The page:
The launch of the latest vintage of Screaming Eagle has aroused a certain amount of interest.
Clients of Amphora Portfolio Management who bought the 100-point-scoring 2010 have made very good money, and for the last year or so people have followed up with purchases of the 2012 which also scored a maximum 100-points.
An interesting feature of this pair of perfect Cabernet Sauvignons is that the 2012 trades at a 20% discount to its elder sister. That, of course, is a pricing anomaly. Investors should be adding the 2012 if they feel comfortable about the market, or at the very least switching out of the 2010 into the 2012.
The 2013 has earned a creditable 97+ points from Robert Parker. When he first tasted it in October 2014 he raved about it thinking it could match the 2012. His initial rating was 98-100, the spread being consistent with an en primeur tasting.
A year later he firmed up his score to 97+ adding: “This reminds me somewhat of the 2010 Screaming Eagle. Full-bodied, rich, but perfectly balanced, it’s another terrific example of this iconic estate. It should drink well for 30 or more years.”
We might therefore expect a discount to the 2012 to account for the rating differential, but in the early market showing the pricing seems much the same.
Something is therefore out of kilter. Either the 2010 is priced correctly, in which case the cheaper 2013 is probably the right price, making the 2012 look very cheap, or the 2012 is the right price, making both the 2010 and the 2013 look unjustifiably expensive.
If you think the 2013 is priced for a subsequent upgrade to 100, which would be unlikely, it having been tasted as recently as last October, the 2012 is still the banker having already achieved that rating.
These considerations also beg the question: what place ‘trophy wines’ in a diversified portfolio?
A trophy wine is a wine which seems not to observe the pricing rules which apply to the rest of the market, whether this results from tiny production and the resulting immediate scarcity, amazing marketing, or a producer achieving a cult status for whatever reason.
The issues in respect of trophy wines are twofold. Firstly, given their relative scarcity, is there an adequate secondary market to offer sufficient liquidity should an investor want to sell?
Secondly, is the price so high that it compromises the desired balance in a fine wine portfolio, by becoming too dominant a feature? In other words, to what extent is the risk profile affected by the inclusion of a highly-priced and potentially more illiquid component?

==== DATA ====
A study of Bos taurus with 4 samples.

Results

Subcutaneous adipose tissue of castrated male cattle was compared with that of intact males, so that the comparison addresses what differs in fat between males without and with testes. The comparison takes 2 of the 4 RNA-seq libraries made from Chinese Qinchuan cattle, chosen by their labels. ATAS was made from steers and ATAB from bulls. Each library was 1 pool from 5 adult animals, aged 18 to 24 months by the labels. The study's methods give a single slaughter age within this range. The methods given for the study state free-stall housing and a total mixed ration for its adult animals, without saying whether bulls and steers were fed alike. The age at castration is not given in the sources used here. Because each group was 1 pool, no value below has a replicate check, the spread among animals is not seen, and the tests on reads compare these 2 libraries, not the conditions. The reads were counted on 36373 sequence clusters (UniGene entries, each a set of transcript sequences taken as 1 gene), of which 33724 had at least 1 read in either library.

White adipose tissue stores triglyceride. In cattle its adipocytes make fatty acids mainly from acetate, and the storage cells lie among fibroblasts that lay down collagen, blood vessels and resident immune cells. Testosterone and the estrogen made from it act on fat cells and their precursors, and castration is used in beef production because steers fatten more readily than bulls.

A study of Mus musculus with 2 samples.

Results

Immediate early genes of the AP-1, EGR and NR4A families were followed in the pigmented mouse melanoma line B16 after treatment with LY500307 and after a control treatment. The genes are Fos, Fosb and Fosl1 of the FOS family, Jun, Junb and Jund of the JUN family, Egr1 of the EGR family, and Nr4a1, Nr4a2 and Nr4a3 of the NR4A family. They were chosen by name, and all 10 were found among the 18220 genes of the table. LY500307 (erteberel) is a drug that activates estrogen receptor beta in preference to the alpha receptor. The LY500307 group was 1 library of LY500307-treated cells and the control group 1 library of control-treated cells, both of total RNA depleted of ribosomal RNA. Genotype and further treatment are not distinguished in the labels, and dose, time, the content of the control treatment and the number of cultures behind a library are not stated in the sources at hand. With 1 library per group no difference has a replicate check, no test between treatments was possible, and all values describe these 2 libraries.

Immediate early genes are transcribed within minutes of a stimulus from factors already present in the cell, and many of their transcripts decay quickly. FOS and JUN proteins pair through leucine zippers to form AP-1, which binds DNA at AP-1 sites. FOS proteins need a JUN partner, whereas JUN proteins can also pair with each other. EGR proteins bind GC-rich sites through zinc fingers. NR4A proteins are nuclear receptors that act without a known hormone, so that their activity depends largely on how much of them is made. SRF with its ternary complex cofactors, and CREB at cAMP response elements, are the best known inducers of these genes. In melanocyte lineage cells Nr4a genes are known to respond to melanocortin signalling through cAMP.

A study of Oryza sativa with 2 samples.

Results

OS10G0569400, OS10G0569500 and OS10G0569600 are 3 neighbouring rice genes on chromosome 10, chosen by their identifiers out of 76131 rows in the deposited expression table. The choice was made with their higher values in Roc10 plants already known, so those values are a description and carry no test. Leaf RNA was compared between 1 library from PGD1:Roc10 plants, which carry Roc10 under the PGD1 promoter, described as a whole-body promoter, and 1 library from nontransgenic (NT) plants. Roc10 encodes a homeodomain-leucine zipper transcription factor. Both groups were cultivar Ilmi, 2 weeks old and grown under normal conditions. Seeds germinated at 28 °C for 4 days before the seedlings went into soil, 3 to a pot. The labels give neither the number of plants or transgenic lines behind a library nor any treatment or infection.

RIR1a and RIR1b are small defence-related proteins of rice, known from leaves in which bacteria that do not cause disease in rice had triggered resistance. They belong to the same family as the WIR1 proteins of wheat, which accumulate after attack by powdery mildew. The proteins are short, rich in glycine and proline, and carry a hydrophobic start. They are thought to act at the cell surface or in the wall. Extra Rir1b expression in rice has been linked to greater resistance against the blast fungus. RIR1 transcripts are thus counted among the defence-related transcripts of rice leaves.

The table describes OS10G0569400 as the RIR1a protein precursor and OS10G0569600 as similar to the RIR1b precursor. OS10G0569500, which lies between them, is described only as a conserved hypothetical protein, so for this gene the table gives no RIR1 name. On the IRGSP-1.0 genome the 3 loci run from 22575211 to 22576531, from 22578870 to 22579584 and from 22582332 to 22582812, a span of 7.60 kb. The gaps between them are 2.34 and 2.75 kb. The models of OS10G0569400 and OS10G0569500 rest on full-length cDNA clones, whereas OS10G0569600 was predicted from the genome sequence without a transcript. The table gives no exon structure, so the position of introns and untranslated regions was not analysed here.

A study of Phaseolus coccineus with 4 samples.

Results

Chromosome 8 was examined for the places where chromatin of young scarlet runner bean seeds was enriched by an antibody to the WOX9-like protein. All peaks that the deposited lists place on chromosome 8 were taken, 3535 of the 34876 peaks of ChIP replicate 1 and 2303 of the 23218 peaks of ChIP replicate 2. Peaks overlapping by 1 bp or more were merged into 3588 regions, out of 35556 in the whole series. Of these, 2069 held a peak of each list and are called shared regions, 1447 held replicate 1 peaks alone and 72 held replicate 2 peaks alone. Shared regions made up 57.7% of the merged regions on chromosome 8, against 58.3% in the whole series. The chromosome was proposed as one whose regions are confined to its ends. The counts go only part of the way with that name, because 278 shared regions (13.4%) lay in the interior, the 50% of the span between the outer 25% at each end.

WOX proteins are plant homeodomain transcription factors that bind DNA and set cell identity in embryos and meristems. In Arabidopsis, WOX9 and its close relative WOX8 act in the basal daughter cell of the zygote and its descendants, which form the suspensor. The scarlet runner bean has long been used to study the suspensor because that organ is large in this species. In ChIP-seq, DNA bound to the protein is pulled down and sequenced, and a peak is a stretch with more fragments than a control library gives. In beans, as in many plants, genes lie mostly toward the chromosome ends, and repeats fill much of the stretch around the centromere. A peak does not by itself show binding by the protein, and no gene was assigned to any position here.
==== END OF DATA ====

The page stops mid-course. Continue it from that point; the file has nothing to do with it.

The answers partly depend on the scale of the investment, in absolute monetary terms. It is difficult to be definitive in this market place, but if Amphora’s client base is anything to go by, a £100,000 portfolio would be somewhat higher than the average.
Even at that level it is worth acknowledging that you can have a very well balanced portfolio of about 25 different wines from around the world covering a variety of sectors and vintages, which would be considered ideal from as risk-weighted perspective, or you could have a single case of DRC 2001, which would not.
In such a portfolio what exposure to the ‘trophy sector’ would be permissible, or advisable, if you still wanted to retain some control of risk?
The way to think about this still revolves around the investor’s pain tolerance threshold, because if you have 20% exposure overall to a wine which goes down 30%, then clearly you have to make up the 6% performance hit elsewhere. That doesn’t seem too bad, even if undesirable! If, however, you have 50% exposure and it goes down 30% then that “undesirability” in investment terms veers towards the unacceptable.
At Amphora Portfolio Management our advice to clients is never to exceed that 20% figure if you are looking to retain a coherent degree of balance and risk. And this is where you can argue that producers like Screaming Eagle have done their bit. They market their wares in cases of three bottles.
Given the vital importance of provenance and storage to the fine wine investor, it is helpful for a wine to be sold in an ‘Original Wooden Case’ (OWC), and happily in the case of most trophy wines, these come in three packs as well as six and 12. Indeed, top flight Burgundies can arrive in a single bottle OWC. Many DRCs, of course, cost around £10,000 a bottle, so you really need to be investing upwards of £50,000 if you are keen to include one.
When investing there is no real need always to buy full cases. What you want is levels of financial exposure on a diversified basis. One bottle of DRC costing £8,000 is exactly the same in fine wine investment exposure terms as six bottles of Petrus costing £8,000 and 12 bottles of Latour costing £8,000.
Beginning with the 2010 vintage of Screaming Eagle Cabernet Sauvignon and Second Flight Red Wine all bottles have been applied with a bubble coded security system which enables the verification of authenticity. This label is placed between the foil and the bottle creating a security seal that cannot be detached without the seal and foil being visibly damaged.
If you have questions or are having trouble with authenticating the bottle please call 707.944.0749.